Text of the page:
Aug. 24, 79 -- as in A.D. 79 -- was an unhappy day for anyone in the shadow of Mt. Vesuvius. That's when the notorious volcano near modern Naples, Italy erupted and destroyed human settlements for miles around. The day turned out to be a good one for modern archaeologists, though. The tons of ash that buried the area also preserved the now-celebrated cities of Pompeii and Herculaneum, and what remains of them reveals much about everyday Roman life at the beginning of the millennium.
Less famous are the ruins of the villas at Stabiae, a handful of country homes that were inundated along with Pompeii and Herculaneum. The houses are the subject of the traveling exhibit "In Stabiano: Exploring the Ancient Seaside Villas of the Roman Elite," which opened March 17 at the Chazen Museum of Art.
The exhibit gathers artifacts from five villas, with particular emphasis on fresco murals. The most impressive frescoes here are the ones that adorned the walls of the dining room, or triclinium, of Villa Cormiano. A placard notes that Villa Cormiano was modest, by Stabiae standards, but these murals are breathtaking -- presented, as they are, more or less intact, and in place.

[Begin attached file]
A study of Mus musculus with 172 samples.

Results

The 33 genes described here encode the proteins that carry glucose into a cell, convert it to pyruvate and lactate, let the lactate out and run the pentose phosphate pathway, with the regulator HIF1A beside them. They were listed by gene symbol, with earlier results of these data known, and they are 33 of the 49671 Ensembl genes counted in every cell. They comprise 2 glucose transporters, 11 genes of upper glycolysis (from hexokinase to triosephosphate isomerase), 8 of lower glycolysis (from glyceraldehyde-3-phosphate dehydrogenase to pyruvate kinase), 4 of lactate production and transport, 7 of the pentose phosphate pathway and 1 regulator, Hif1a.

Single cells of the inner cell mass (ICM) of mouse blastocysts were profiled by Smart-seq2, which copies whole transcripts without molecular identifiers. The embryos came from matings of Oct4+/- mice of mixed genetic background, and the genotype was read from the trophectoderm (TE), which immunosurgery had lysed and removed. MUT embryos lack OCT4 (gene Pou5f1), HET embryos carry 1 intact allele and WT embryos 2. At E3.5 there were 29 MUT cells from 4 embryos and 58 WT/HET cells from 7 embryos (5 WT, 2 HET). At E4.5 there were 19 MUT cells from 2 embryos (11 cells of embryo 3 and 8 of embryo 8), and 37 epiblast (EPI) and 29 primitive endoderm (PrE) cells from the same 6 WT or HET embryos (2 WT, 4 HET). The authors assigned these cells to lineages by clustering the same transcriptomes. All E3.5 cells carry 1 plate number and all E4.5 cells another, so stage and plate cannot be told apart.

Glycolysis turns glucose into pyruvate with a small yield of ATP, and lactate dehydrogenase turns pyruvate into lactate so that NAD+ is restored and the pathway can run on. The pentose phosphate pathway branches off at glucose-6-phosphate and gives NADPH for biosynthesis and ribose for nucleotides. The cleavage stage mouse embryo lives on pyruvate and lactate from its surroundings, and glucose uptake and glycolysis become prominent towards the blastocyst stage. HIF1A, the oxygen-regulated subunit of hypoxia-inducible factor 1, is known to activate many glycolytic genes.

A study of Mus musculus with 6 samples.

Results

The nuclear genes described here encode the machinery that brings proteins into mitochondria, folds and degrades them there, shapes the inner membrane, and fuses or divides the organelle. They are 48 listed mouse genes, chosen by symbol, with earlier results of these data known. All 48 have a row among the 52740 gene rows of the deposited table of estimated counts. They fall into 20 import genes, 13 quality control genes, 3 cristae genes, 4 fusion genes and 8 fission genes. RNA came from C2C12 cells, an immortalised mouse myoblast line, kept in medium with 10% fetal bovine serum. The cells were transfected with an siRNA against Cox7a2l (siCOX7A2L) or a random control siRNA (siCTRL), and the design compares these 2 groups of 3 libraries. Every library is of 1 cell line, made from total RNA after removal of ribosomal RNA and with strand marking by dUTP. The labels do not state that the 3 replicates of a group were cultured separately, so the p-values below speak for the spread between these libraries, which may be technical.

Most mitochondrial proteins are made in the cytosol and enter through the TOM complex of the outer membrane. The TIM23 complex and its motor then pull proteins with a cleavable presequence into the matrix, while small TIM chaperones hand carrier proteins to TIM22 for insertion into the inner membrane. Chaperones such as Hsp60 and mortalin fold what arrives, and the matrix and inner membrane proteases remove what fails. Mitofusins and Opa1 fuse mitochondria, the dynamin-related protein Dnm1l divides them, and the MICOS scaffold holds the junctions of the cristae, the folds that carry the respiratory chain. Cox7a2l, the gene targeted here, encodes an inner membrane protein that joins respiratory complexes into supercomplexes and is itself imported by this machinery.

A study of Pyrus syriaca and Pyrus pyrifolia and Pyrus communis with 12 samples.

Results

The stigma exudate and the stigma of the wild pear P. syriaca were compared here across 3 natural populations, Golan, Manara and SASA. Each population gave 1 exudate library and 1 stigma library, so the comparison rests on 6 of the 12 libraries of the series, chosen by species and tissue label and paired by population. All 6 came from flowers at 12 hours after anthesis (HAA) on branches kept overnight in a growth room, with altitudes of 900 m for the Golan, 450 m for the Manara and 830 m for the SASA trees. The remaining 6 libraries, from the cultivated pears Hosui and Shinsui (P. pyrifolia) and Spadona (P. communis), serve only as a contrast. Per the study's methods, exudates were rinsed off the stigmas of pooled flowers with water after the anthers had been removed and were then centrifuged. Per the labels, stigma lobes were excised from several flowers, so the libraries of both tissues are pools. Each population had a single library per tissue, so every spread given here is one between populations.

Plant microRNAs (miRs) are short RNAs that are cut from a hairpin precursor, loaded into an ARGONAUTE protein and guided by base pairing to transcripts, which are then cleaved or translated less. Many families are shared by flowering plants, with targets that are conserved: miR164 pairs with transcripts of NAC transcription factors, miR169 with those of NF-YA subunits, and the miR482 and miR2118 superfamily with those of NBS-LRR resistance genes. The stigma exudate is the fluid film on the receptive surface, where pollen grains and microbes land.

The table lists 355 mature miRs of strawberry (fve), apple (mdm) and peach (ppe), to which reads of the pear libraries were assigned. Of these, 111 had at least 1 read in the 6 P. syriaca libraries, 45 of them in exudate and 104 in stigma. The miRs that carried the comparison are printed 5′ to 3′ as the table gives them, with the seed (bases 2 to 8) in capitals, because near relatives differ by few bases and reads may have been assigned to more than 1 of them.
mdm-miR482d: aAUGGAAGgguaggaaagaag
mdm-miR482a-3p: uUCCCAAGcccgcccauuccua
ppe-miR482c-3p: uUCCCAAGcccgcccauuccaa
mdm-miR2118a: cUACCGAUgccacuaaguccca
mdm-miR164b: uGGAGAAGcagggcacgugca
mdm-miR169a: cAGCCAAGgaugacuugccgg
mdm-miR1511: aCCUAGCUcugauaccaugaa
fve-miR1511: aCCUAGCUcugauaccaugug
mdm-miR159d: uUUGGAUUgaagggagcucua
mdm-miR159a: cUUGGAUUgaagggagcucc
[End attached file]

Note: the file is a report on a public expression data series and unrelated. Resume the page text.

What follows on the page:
They are displayed as a room within the gallery space, and standing amid the triclinium frescoes, visitors can savor the intimacy and good humor of decorative Roman painting. In two corners, painted "windows" seem to look out onto the surrounding countryside, and the walls feature vignettes from mythology. In one, the agriculture goddess Ceres and the wine god Bacchus, looking slightly dazed, are carried at sea by a hippocamp, the mythical beast that is part horse, part fish.
Elsewhere in the exhibit are smaller frescoes from nearby villas: Villa San Marco, Villa del Pastore, Villa Arianna, Villa Petraro. Perhaps the loveliest of these paintings, from Villa Arianna, shows a young woman -- possibly Flora, goddess of blossoming plants -- as she walks and delicately picks flowers, her face all but turned away from the viewer. Elsewhere, frescoes depict the mask of tragedy, the goddess Minerva and, wryly, a street scene in which a vendor sells caged Cupids.
The exhibit also gathers stucco decorations, some handsome sculpture and a collection of household items (bronze pots, a cosmetic jar). These everyday domestic objects prompt the question: Would you be proud for museum patrons 2,000 years hence to be looking at the stuff that's in your house? Perhaps it's time for a trip to the Pottery Barn -- for posterity's sake, if nothing else.
"In Stabiano" will be on display until June 3. A gallery of the transport and unpacking of the exhibit on Mar. 1 and Mar. 8 is available above.